Hosted by the UK under the presidency of former business secretary Alok Sharma and in partnership with Italy, the summit at the city’s SEC Centre will bring together the biggest gathering of world leaders ever assembled on British soil over the course of its 12-day run from Sunday 31 October to Friday 12 November.
While the importance of the summit has been heavily hyped and expectation is high that a generation-defining agreement will be signed to rein in greenhouse gas emissions and put the brake on the pace of global heating in line with the goals of the 2015 Paris accord, there has been a good deal of uncertainty surrounding precisely who will be attending.
Without the enthusiastic cooperation of the influential leaders of some of the planet’s biggest polluting nations, anything agreed at Cop26 will ring decidedly hollow.
The belated news that Chinese premier Xi Jinping will not fly into Glasgow is certainly a setback, but Mr Xi will address the summit via video link, still preferring to avoid foreign travel as he has since the onset of the coronavirus pandemic.
Prior to the announcement, his country, one of the world’s biggest carbon dioxide emitters, formally submitted its climate goals, pledging to reach peak emissions of CO2 emissions before 2030 and achieve “carbon neutrality” by 2060.
Without Mr Xi there in person, the superpower is expected to be represented by veteran climate envoy Xie Zhenhua, who has already held preliminary talks with Mr Sharma and US president Joe Biden’s special envoy John Kerry, a gesture widely interpreted as a positive indication of Beijing’s commitment to the mission.
“Unfortunately, Putin will not fly to Glasgow,” a spokesperson told reporters, insisting that climate change was “one of our foreign policy’s most important priorities”.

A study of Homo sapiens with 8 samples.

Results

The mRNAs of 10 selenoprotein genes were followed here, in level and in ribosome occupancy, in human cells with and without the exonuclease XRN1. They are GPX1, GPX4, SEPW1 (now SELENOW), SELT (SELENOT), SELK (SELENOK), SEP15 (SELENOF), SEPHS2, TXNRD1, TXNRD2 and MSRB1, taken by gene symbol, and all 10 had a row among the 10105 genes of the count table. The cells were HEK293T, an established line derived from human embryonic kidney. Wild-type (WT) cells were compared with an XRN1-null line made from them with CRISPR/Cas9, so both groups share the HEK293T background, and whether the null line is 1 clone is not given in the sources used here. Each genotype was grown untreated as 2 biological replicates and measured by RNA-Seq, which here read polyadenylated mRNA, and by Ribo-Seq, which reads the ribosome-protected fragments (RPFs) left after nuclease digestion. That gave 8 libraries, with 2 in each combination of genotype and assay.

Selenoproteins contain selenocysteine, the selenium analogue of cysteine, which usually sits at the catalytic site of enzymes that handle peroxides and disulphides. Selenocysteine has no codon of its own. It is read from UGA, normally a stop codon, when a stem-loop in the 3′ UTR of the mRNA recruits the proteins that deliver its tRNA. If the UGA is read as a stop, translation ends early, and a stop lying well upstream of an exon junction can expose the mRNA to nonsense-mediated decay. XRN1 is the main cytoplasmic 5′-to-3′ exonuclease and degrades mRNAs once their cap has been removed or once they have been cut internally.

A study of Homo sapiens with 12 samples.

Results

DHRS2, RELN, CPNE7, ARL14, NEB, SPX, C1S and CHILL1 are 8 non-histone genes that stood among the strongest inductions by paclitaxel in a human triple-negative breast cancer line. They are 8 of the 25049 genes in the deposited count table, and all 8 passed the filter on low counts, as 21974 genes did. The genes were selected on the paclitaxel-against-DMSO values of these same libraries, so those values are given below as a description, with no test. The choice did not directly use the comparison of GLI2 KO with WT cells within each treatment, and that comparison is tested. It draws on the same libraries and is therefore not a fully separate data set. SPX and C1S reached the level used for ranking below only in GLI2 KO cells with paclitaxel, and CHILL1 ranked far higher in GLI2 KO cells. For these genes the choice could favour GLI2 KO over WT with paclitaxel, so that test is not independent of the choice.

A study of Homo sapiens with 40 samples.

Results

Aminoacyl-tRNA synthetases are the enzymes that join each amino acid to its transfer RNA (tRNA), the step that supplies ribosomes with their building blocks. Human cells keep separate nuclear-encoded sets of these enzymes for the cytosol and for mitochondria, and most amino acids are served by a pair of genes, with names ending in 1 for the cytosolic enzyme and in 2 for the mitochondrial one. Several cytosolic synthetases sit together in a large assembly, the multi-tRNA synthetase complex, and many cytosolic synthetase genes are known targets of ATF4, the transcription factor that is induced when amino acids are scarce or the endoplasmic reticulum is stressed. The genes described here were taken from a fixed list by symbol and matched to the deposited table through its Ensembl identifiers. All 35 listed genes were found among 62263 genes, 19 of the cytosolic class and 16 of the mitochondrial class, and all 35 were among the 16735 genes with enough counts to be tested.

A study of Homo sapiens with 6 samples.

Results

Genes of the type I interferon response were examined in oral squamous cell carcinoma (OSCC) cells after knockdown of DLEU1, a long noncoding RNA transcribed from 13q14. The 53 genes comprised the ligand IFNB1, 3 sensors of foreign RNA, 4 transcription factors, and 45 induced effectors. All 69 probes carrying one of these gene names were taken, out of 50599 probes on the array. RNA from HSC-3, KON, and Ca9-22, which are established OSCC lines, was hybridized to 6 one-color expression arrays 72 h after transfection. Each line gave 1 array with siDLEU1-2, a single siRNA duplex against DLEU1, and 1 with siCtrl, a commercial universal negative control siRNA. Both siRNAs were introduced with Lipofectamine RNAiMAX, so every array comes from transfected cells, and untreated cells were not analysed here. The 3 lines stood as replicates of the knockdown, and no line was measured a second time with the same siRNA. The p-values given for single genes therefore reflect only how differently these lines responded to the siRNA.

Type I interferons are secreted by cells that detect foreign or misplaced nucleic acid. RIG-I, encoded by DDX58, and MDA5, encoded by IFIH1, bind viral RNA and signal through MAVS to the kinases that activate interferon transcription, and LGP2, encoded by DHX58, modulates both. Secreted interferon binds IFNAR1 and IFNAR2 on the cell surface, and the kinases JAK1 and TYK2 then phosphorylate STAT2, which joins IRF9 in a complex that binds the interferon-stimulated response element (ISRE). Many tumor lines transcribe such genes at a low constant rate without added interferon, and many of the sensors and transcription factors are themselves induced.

The premier is likeswise expected to send a replacement in his stead.
Responding to the disappointment, a Downing Street official representing Mr Johnson commented: “The prime minister is looking forward to meeting all leaders who have confirmed their attendance, which I believe is over 120 so far. And we obviously expect all countries to be represented at a senior level, given that we’re asking for meaningful pledges towards tackling this issue.”
Her Majesty the Queen will also not be there, having been advised to stay away on medical grounds after missing out on a ceremonial trip to Northern Ireland with the same complaint.
The 95-year-old is said to be making the move “reluctantly” but will deliver a video message to the conference as she is known to feel as passionately about the environment as her son Prince Charles and grandson Prince William, reportedly recently bemoaning the empty rhetoric and inaction of heads of state.
Another high-profile figure who may be absent is Pope Francis, who has called on Catholics to “care for our common home” but whose Vatican delegation is currently being led by secretary of state Cardinal Pietro Parolin instead.
No such doubts hang over Mr Biden, French president Emmanuel Macron or Brazi’s Jair Bolsonaro, who will all be representing their nations while Ursula von der Leyen and Frans Timmermans will appear for the EU and Antonio Guterres and Patricia Espinosa for the UN.
The world’s two most famous environmental activists, Sir David Attenborough and Greta Thunberg, will also be there, despite the latter criticising the event and expressing pessimism about its chances of achieving meaningful change, as will thousands of activists keen to make their voices heard.